Cooler weather gives us a new enthusiasm for eating in Chinatown. This is, after all, the time to seek out the starchy embrace of noodles and dumplings. But there's another Chinese comfort food that deserves some love, one that's always sidelined in favor of its more fatty, dough-based cousins: congee, Chinese rice porridge.
At its simplest, congee is just leftover rice cooked with enough water until it breaks down into an oatmeal-like porridge, usually eaten for breakfast. And it doesn't get much more complicated than that: some congee is made with stock, some with rice wine. Added proteins include anything from chicken or pork to preserved egg and liver, and ginger and scallions are frequent aromatic additions.
Look, I'm not going to say congee is the most exciting food out there. But if you're feeling under the weather—or just want to eat something for this weather—congee is just the thing. It's creamy and comforting, the Asian version of savory oatmeal, and the perfect mild meal for a quick cheap Chinatown breakfast or to round out a lunch of roast meat and stir fried greens. It's worth eating more than we do.
And did I mention cheap? You can get a quart of congee for as little as four bucks, enough for two to three people to share as lunch.
We went on a hunt for congee all over Chinatown, visiting the 20 locations we could find that serve it. The ten spots listed here all make congee we'd be happy to eat again and again.
You'd be surprised by how much variation there can be in a simple bowl of rice porridge. Some were quite thin and soupy; others as thick and creamy as oatmeal. Some congees were distinctly on the bland side; others were decidedly chicken-y, gingery, or scallion-y. We're of the mind that there's no right or wrong when it comes to congee, as long as it tastes good, so you'll find a porridge for every kind of eater in this roundup.
For a guide to Chinatown congee at a glance, here's what we're calling the Congee Matrix, a totally not-to-scale but reasonably accurate graphic depiction of where we'd place each of the congees we're recommending. For more details on each congee, check out our notes below.*
*We ordered chicken congee wherever that was an option; some restaurants only offered chicken and black mushroom congee. Prices listed reflect what we ordered; other flavors may cost more or less.
New Hon Won
Of all the aromatics-heavy congees we tasted, New Hon Won's was the most light and fragrant. It's all about the delicacy of ginger and scallion in a thinner broth that still bears some creamy body and fluffy, oatmeal-like rice grains. There are more savory and intense congees out there, but the aromatic complexity of this one stands out. We love the rice noodles at New Hon Won; now we have another regular item to order. $4 per quart.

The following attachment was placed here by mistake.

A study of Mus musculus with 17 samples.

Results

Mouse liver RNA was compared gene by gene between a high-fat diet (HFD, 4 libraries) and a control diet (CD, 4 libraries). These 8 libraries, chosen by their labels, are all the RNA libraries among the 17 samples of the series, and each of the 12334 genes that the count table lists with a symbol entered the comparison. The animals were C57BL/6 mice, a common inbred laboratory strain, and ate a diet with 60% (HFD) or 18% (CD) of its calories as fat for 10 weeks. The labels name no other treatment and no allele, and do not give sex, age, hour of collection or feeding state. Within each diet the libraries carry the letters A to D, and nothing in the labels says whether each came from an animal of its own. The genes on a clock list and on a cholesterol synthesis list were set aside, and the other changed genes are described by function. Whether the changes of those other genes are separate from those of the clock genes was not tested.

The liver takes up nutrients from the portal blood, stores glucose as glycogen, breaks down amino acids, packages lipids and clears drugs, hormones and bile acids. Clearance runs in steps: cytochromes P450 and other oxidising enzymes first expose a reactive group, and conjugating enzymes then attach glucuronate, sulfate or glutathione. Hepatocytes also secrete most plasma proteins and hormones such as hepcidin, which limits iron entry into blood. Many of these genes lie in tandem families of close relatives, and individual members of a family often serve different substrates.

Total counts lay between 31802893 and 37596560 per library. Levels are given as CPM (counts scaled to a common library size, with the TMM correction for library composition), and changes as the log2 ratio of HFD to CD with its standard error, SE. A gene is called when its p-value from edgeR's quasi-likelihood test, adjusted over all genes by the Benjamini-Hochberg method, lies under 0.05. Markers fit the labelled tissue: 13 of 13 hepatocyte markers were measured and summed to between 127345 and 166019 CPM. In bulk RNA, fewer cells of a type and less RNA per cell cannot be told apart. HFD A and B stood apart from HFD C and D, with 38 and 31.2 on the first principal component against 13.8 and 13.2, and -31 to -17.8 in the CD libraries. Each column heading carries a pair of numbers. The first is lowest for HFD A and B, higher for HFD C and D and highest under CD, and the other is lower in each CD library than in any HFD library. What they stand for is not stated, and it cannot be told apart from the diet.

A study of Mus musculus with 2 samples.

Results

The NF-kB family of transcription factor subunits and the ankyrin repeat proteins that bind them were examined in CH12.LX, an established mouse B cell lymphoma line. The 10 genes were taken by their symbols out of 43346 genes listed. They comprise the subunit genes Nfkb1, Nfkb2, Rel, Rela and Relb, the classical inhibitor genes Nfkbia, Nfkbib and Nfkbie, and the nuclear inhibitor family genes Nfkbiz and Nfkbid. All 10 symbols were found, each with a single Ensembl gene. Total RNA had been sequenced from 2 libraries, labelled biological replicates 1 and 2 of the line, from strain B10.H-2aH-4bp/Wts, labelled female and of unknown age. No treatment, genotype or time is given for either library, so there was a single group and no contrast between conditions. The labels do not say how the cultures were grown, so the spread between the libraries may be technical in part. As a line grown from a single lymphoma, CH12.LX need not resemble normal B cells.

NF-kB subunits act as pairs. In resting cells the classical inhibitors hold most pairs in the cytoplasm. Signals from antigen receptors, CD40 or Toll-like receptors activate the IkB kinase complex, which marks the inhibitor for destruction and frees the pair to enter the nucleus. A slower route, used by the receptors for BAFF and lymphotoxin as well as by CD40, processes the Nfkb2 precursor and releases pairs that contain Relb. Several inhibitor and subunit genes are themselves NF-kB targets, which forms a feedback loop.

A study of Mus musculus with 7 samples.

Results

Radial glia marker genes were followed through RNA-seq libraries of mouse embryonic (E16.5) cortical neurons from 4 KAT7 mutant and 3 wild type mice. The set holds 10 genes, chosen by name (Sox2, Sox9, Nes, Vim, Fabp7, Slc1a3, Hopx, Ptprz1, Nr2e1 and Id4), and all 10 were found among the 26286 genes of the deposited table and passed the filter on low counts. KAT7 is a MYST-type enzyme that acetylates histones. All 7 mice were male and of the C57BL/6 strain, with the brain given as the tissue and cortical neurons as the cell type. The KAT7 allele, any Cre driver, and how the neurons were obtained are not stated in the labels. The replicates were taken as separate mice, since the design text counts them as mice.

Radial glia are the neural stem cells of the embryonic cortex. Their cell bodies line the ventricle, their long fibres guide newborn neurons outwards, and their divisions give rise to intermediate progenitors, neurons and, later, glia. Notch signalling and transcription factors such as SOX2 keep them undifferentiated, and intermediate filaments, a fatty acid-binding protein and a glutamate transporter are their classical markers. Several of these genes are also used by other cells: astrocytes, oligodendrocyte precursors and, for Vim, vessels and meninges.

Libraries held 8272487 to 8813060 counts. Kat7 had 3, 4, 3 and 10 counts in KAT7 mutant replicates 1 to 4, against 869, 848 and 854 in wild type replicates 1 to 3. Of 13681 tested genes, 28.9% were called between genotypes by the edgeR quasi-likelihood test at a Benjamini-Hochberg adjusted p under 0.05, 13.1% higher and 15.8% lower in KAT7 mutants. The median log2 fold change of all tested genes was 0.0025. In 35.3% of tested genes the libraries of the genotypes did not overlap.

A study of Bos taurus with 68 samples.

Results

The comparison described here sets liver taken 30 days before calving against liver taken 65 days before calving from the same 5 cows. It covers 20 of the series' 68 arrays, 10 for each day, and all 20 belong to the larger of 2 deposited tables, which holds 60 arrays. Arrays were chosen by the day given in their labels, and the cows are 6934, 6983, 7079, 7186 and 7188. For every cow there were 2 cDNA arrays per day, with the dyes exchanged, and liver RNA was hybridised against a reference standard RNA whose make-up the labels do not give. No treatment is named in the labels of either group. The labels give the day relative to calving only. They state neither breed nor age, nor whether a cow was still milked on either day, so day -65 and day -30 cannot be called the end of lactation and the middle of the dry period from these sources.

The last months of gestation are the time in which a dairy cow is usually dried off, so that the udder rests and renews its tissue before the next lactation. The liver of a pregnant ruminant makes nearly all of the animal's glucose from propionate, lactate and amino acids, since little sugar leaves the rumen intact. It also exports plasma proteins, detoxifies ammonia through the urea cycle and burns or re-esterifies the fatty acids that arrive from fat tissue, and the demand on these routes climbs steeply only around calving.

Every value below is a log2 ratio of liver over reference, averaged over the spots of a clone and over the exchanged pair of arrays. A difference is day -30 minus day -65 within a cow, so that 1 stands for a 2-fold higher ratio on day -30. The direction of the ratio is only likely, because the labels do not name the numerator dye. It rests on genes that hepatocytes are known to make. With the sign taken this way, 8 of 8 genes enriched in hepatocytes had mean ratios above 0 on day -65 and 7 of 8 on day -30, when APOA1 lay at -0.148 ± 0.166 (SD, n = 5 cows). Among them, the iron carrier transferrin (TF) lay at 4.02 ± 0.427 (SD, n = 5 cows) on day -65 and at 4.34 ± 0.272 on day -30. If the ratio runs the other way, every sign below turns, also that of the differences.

New Hon Wong: 244 Canal Street New York, NY 10013 (map); 212-966-8832
Wo Hop (15 Mott Street)
There are two Wo Hops on Mott Street, and our tasting suggests strong differences between the two. 17 Mott Street's tasted unpleasantly of stale sesame oil; 15 Mott's was thin, brothy, and utterly delicious. Scallion dominates the mild chicken, which is overcooked but still a worthy contribution. $4 per quart.
Wo Hop: 15 Mott Street New York, NY 10013 (map); 212-566-3841
My personal favorite (I like my congee on the creamy-but-thin side), Yummy Noodle's congee is soupy and intensely flavored, perhaps the most chicken-y of the bunch. It's also the only one we tried with a strong garlic presence, which we loved. $5.25 per quart.
Mission Chinese Food
It's not really in Chinatown, but we'll give an honorable mention to Mission Chinese Food's Westlake Rice Porridge, which features a creamy, savory broth filled with braised beef, sweet shrimp, egg, and cilantro. Intense and complex, but still comforting. $13 per quart.
You can't talk about congee without talking about Congee Village, which has two locations a little North of Chinatown. It's the only one we recommend that's both on the thin side and relatively mild. There's a notable creaminess from the broken down starch in the rice, with hits of fragrant ginger and, in our chicken and mushroom congee, dark fungal funk. $4.45 per quart.
Congee Village: multiple locations; congeevillagerestaurants.com
Very thick and ginger-forward, XO Kitchen's congee was among the most flavorful. It boasts thick strips of ginger and huge hunks of bone-in chicken. It also had us thinking porridge more than most. $4.75 per quart.
JJ Noodle Restaurant
Thick and porridge-like without turning gummy, we dug the sweet chicken broth flavor of this congee from JJ Noodle Restaurant. The chicken itself is pretty uneventful, but we enjoyed this enough to recommend it. $3.75 per quart.
JJ Noodle Restaurant: 19 Henry Street New York, NY 10002 (map); 212-571-2440
Mei Li Wah
The thick yet loose congee at Mei Le Wah tastes starchy in a good way, with oatmeal-like grains that are satisfying to slurp. It's mild—don't expect much chicken flavor—but the cilantro garnish is nice. $4.35 per quart.
Big Wong King
The blandest of the bunch, but that's not necessarily a bad thing. Big Wong King's is extremely thick, the consistency of a substantial oatmeal, which makes for a great Chinatown breakfast on a sick day. A little soy sauce and chili oil brighten it considerably. $4 per quart.
A-Wah makes another good congee for those that like it thick and mild. A moody black mushroom musk accompanies the bland chicken, enough to distinguish it from the other thick congees on our list. $3.95 per quart.
Where Do You Congee?
Have a congee spot that didn't make your list? Got an outer borough place we should check out? Let us know in the comments.
This post may contain links to Amazon or other partners; your purchases via these links can benefit Serious Eats. Read more about our affiliate linking policy.